The FINANCIAL — France’s favorable rating in the U.S. is now 87%, up five percentage points from a year ago and marking a record high for France in Gallup’s 25-year trend. This continues the gradual improvement in France’s image in the U.S. after that nation’s favorability plummeted at the start of the Iraq War in 2003.
This year’s reading comes three months after terrorists associated with the Islamic State group conducted a series of deadly attacks in and around Paris, killing 130. The 82% of Americans viewing France favorably a year ago was recorded a month after terrorists killed 12 people in a mass shooting at the Charlie Hebdo magazine office building in Paris.
The latest results are from Gallup’s Feb. 3-7 World Affairs poll.
France now ranks third in overall favorability with Americans among major countries the U.S. interacts with on the world stage. Only Great Britain and Canada earned higher total favorable scores this year. However, France still falls well short of those countries in the percentage of Americans viewing each very favorably. Its 29% “very favorable” score this year is similar to the 30% for Germany, which places fourth in overall favorability, but still trails Great Britain’s 43% and Canada’s 56%.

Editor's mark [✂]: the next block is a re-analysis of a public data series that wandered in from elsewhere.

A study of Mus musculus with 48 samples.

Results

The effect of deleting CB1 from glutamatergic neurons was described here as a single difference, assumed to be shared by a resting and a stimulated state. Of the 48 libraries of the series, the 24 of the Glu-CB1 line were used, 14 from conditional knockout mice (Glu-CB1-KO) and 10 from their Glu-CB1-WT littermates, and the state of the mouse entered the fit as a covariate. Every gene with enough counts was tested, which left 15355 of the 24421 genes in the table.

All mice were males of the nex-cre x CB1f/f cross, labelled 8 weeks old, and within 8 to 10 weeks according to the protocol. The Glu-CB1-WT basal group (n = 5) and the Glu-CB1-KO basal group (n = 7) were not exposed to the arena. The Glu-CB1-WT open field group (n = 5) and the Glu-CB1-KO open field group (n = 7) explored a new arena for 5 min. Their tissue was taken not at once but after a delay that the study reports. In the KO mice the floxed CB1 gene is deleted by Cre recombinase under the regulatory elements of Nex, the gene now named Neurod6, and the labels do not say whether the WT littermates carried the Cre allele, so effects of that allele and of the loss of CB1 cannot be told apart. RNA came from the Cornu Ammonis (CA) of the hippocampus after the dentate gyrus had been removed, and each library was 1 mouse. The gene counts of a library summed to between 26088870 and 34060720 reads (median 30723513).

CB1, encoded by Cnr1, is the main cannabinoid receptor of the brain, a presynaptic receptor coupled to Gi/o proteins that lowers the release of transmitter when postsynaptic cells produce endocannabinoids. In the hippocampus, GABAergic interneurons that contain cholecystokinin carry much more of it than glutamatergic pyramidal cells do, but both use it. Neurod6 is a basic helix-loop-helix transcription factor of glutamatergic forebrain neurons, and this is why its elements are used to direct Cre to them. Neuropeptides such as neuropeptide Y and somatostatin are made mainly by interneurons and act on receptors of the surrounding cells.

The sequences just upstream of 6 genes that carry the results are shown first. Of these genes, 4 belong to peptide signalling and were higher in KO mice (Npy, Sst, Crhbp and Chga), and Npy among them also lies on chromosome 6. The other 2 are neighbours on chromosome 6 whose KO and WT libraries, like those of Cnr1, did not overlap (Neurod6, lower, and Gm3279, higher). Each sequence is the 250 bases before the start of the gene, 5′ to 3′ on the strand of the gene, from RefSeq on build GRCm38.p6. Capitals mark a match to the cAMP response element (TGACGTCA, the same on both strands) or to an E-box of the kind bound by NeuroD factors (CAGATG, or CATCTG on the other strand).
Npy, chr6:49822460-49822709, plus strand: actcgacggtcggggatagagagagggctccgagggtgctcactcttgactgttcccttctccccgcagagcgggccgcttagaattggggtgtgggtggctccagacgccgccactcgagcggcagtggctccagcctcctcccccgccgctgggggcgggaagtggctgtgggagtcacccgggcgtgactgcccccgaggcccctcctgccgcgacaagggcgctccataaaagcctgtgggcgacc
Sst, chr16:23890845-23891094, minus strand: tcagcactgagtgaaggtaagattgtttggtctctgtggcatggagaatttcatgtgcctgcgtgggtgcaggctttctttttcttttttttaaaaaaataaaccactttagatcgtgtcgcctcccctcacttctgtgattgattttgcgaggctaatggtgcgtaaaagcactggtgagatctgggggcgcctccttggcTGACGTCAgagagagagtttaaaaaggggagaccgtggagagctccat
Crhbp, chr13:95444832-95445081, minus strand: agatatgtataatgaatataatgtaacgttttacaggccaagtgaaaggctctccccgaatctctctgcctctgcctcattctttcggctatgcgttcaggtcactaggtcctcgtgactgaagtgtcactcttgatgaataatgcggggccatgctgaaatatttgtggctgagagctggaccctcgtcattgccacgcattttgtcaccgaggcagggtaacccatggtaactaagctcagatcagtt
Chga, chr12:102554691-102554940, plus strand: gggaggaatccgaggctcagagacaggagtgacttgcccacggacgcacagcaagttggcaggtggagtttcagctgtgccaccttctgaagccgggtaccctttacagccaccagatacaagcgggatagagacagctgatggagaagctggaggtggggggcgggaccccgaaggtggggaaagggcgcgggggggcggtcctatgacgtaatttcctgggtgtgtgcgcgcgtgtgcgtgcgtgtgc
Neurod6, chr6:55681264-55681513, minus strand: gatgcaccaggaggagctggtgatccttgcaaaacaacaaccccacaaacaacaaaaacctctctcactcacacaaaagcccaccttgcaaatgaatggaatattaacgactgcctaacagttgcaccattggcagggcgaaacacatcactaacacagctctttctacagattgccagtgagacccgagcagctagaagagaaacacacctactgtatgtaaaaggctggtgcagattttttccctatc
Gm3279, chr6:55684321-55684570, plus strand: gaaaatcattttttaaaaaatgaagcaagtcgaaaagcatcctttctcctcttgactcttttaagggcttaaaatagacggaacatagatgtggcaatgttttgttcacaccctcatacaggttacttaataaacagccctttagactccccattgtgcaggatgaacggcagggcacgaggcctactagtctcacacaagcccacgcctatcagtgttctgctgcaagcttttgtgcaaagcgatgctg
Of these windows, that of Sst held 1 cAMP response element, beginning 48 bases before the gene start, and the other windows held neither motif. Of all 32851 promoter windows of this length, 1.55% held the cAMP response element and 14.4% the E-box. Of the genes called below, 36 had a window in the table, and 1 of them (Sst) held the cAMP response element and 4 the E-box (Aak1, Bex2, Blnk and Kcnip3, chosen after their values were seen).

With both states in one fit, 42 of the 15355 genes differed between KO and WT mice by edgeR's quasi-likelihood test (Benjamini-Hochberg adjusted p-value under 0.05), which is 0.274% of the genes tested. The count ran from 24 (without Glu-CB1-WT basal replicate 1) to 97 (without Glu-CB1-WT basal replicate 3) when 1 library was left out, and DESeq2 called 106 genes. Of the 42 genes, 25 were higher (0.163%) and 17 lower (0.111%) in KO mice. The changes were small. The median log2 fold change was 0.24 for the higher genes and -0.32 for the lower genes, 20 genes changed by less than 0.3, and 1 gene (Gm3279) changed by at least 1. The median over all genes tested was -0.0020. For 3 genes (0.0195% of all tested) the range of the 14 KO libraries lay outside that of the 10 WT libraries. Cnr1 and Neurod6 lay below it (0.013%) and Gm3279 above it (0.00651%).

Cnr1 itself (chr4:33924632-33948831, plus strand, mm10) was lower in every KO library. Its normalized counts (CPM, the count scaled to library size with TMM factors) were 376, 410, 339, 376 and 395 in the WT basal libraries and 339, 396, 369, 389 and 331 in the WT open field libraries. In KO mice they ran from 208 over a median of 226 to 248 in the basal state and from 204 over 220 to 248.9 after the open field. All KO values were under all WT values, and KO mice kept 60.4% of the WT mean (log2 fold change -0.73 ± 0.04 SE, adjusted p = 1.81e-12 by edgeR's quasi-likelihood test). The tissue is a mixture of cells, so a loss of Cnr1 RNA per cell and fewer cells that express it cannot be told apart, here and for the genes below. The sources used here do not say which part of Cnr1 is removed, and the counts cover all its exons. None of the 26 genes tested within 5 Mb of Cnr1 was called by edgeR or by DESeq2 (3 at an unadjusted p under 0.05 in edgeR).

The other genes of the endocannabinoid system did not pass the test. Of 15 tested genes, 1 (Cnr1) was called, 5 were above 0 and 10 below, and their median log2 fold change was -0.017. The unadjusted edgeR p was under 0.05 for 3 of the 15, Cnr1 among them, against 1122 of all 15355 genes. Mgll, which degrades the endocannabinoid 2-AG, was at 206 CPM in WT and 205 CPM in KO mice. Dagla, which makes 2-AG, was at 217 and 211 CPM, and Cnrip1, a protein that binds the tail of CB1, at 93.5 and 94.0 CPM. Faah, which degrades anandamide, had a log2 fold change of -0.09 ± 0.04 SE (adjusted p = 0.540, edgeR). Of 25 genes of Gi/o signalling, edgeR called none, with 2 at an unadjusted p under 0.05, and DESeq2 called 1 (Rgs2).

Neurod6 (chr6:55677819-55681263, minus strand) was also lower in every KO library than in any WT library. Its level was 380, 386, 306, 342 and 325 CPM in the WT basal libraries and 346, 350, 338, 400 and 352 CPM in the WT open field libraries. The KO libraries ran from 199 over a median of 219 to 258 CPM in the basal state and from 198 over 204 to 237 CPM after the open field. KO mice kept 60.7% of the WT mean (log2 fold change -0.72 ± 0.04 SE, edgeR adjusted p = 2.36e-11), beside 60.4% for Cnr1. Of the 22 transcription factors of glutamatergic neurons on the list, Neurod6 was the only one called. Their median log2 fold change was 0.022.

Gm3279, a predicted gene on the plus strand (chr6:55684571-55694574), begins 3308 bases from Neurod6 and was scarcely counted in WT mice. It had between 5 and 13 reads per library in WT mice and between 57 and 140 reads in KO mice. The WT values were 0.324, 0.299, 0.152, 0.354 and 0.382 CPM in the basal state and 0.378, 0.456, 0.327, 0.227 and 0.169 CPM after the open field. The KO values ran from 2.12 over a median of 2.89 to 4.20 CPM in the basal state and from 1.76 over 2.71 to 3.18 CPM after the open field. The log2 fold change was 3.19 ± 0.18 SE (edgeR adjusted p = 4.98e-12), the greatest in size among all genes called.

Republicans’ Rating Rises Most Since 2013
France’s image fell much more steeply among Republicans than Democrats at the start of the Iraq War in 2003, stemming from that nation’s opposition to Republican President George W. Bush’s effort to win U.N. support for use of force against Iraq. Between February 2002 and March 2003, Republicans’ favorability toward France dropped more than 60 points, from 81% to 20%, versus a 34-point decline among Democrats, from 79% to 45%.
A sizable partisan gap in France’s ratings persisted throughout the first decade of its image recovery, but during the past three years, the gap has nearly closed. That reflects Republicans’ finally closing in on Democrats’ high level of favorability toward France. This may be the result of France’s support for the U.S.-led coalition against the Islamic State in Syria in 2013, as well as sympathy for France stemming from the recent terrorist attacks.
After diplomatic differences in 2003 soured relations between the two countries, France and the U.S. have found a common interest in combating international terrorism, and the mission has become personal for both countries. This has helped bring about a major turnaround in how Americans view what Secretary of State John Kerry has called the United States’ “oldest ally.” France’s image was already on the mend, but the significant increase in the percentage of Republicans viewing France favorably over the past three years has pushed its image to new heights.